Court slaps Boston Housing Authority; orders it to restore man's housing voucher

In unusually harsh language, the Massachusetts Appeals Court today ordered the Boston Housing Authority to restore the Section 8 housing voucher of a man who physically could not have attended hearings it held on his case because he was in jail at the time.

The court found the authority violated its own regulations for how to hold hearings and misled Melvin Furtick on whether he could appeal its rulings, telling him could not, when its own guidelines said he could.

The overarching mission of the BHA is to provide housing assistance to poor and low-income individuals. ... In its rush to recapture Furtick's section 8 voucher, the BHA seems to have lost sight of its mission here. The seasoned Housing Court judge pointed out the big picture to the BHA and suggested a reasonable settlement of this litigation (a hearing for Furtick). ... The BHA ignored the advice, opting to pursue this case to the bitter end, a confounding decision in light of the serious procedural unfairness apparent on this record.

When Furtick won a lower-court order for a new hearing to explain why he missed the other hearings - which he claimed he was never even notified of - the BHA appealed, arguing the issue was between the man and the landlord who kicked him out, not the BHA.

Nonsense, the judges said. Furtick, who is elderly, physically disabled and mentally ill, got evicted and forced into a homeless shelter because his Social Security payments alone were not enough to pay his rent. Of course the BHA had a role to play in what happened to him, the court said.


    Good for the court

    By on

    However, am I missing something here? The Boston Housing Authority recinded the voucher, but the guy is living in Salem.




    By Alan Burke Staff Writer
    November 3, 2011

    SALEM — To some, it might have sounded too fantastic to be anything but an idle threat when a man allegedly told his wife, "I shot you once, and I blew the house up, and the third time will be a charm."

    But Melvin S. Furtick, 61, of 1000 Loring Avenue, Salem, was arrested on charges of domestic assault and attempting to commit a crime once police heard of his record. His wife explained that Furtick had indeed shot her in 1969 and in 1970 he blew up their house. "Furtick spent seven years in Concord State Prison for these crimes," according to the log.

    Three years ago, however, the couple reunited. But the wife told police yesterday afternoon that the relationship has never been stable. She added that once she went home, she would sleep "with one eye open." Police described her as "extremely upset and fearful."

    Arrested by Patrolman Lawrence Puleo, Furtick acknowledged that he had had an argument with his wife the night before, according to the police report. But when asked if he'd made threats, he declined to answer.

    http://www.salemnews.com/local/x459213492/Police-Threat-leads-to-husband...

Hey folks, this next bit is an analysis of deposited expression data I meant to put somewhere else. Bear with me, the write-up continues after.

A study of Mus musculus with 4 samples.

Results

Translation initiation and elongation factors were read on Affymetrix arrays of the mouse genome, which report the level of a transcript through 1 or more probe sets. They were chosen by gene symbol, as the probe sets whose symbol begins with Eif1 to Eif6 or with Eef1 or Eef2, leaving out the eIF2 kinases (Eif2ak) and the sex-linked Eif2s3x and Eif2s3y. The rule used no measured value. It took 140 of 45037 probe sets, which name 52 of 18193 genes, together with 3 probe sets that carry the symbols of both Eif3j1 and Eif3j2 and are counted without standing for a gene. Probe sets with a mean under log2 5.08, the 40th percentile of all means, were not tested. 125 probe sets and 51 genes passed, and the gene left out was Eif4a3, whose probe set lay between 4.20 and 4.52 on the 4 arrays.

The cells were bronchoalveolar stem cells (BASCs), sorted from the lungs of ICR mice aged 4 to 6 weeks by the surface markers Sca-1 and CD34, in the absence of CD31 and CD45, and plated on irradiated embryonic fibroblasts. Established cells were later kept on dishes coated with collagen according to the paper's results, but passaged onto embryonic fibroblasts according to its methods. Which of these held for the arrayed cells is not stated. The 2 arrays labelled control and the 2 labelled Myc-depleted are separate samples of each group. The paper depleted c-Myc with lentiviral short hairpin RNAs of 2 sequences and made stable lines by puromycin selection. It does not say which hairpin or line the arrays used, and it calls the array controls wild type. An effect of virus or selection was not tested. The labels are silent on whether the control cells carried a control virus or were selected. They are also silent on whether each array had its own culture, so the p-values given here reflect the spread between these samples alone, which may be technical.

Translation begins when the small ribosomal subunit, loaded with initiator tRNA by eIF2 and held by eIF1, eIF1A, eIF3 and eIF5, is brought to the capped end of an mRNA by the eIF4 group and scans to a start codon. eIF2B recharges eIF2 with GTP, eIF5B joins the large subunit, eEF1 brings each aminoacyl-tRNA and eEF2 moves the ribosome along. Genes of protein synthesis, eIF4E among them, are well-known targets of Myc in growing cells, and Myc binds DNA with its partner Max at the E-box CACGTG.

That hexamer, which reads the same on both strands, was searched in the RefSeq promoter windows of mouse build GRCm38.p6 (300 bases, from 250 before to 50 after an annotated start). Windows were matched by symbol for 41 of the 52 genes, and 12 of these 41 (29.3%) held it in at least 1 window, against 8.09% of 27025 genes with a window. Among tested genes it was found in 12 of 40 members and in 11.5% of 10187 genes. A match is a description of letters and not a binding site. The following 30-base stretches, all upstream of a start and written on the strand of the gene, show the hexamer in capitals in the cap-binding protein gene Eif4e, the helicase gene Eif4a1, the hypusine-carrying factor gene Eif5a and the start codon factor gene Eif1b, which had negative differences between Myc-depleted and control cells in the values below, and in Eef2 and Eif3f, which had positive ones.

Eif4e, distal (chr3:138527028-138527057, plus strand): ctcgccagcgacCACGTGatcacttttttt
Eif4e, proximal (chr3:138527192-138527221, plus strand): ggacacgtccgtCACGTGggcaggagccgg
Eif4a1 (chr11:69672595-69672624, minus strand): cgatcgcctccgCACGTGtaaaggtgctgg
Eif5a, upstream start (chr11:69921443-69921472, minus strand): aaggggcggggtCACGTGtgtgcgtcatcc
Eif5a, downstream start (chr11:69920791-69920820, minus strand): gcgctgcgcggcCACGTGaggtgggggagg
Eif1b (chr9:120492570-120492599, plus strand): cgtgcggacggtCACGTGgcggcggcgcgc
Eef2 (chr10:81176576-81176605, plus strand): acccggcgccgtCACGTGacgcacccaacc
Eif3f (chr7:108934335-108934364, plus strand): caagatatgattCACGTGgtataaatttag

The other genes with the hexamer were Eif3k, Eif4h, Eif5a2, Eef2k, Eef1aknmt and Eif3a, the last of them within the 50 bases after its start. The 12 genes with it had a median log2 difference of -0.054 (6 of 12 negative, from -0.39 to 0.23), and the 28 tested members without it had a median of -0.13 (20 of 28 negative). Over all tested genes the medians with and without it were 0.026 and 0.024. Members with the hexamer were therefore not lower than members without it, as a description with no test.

Like U.S. Virgin Islands, Puerto Rico, Guam ... Needs to be a housing authority in whatever place is chosen.






    By on

    The guy has also been on assistance 30 years. He knew the drill. Recertification happens annually at the same time every year and includes verification of income and inspection of the unit. As far as I know, there are means of communicating with the outside world while in jail. He doesn't have a whole lot of excuse for not contacting BHA, unless he avoided doing so because he was in jail for threatening his ex-wife, which could put him at risk for eviction and/or termination from the program, especially if the incident involved drugs or alcohols. He had told his landlord where he was, but failed to also notify BHA. He claimed he had no one checking his mail (which I find hard to believe since it would have just piled up. What about bills? Notices about benefits? Really? He didn't ask anyone to bring in his mail?). My guess is that he was hoping he'd fly under the radar, get out of jail, and come back to his apartment with BHA being none-the-wiser about his time in jail. Seems like his ex-wife was living in the apartment unauthorized, which is also a lease violation on Section 8. I have no idea what the rules are for paying benefits while someone is not living in the apartment, but that could have been another reason for not contacting the BHA up front.

    The waiting lists for vouchers is 100 miles long. People wait years for assistance assuming they were able to apply at all because often the list is so long, applications are closed. I'm just finding it really hard to gather up sympathy who a guy involved with domestic violence, violated his lease (assuming the ex-wife was living with him, additional provisions violated if the actions that landed him in jail took place on the property or as a result of drug or alcohol use), and failed to notify BHA when after 30 years on the program he has been through the same process year after year after year. You don't spend 30 years on assistance and then suddenly forget to follow-up on benefit recertifications. He may be elderly, disabled, and mentally ill, but that doesn't mean he didn't try to game the system and then cried foul when it blew up in his face. This guy is a stellar example of why people a negative stereotypes about Section 8 tenants.




    The guy is physically disabled enough to have Social Security Disability.

    They don't hand that out like candy. The waiting period is extensive, takes many visits and doctor visits, involves home interviews AND is rechecked every few years.





    This decision was inherently bad for housing authorities in MA.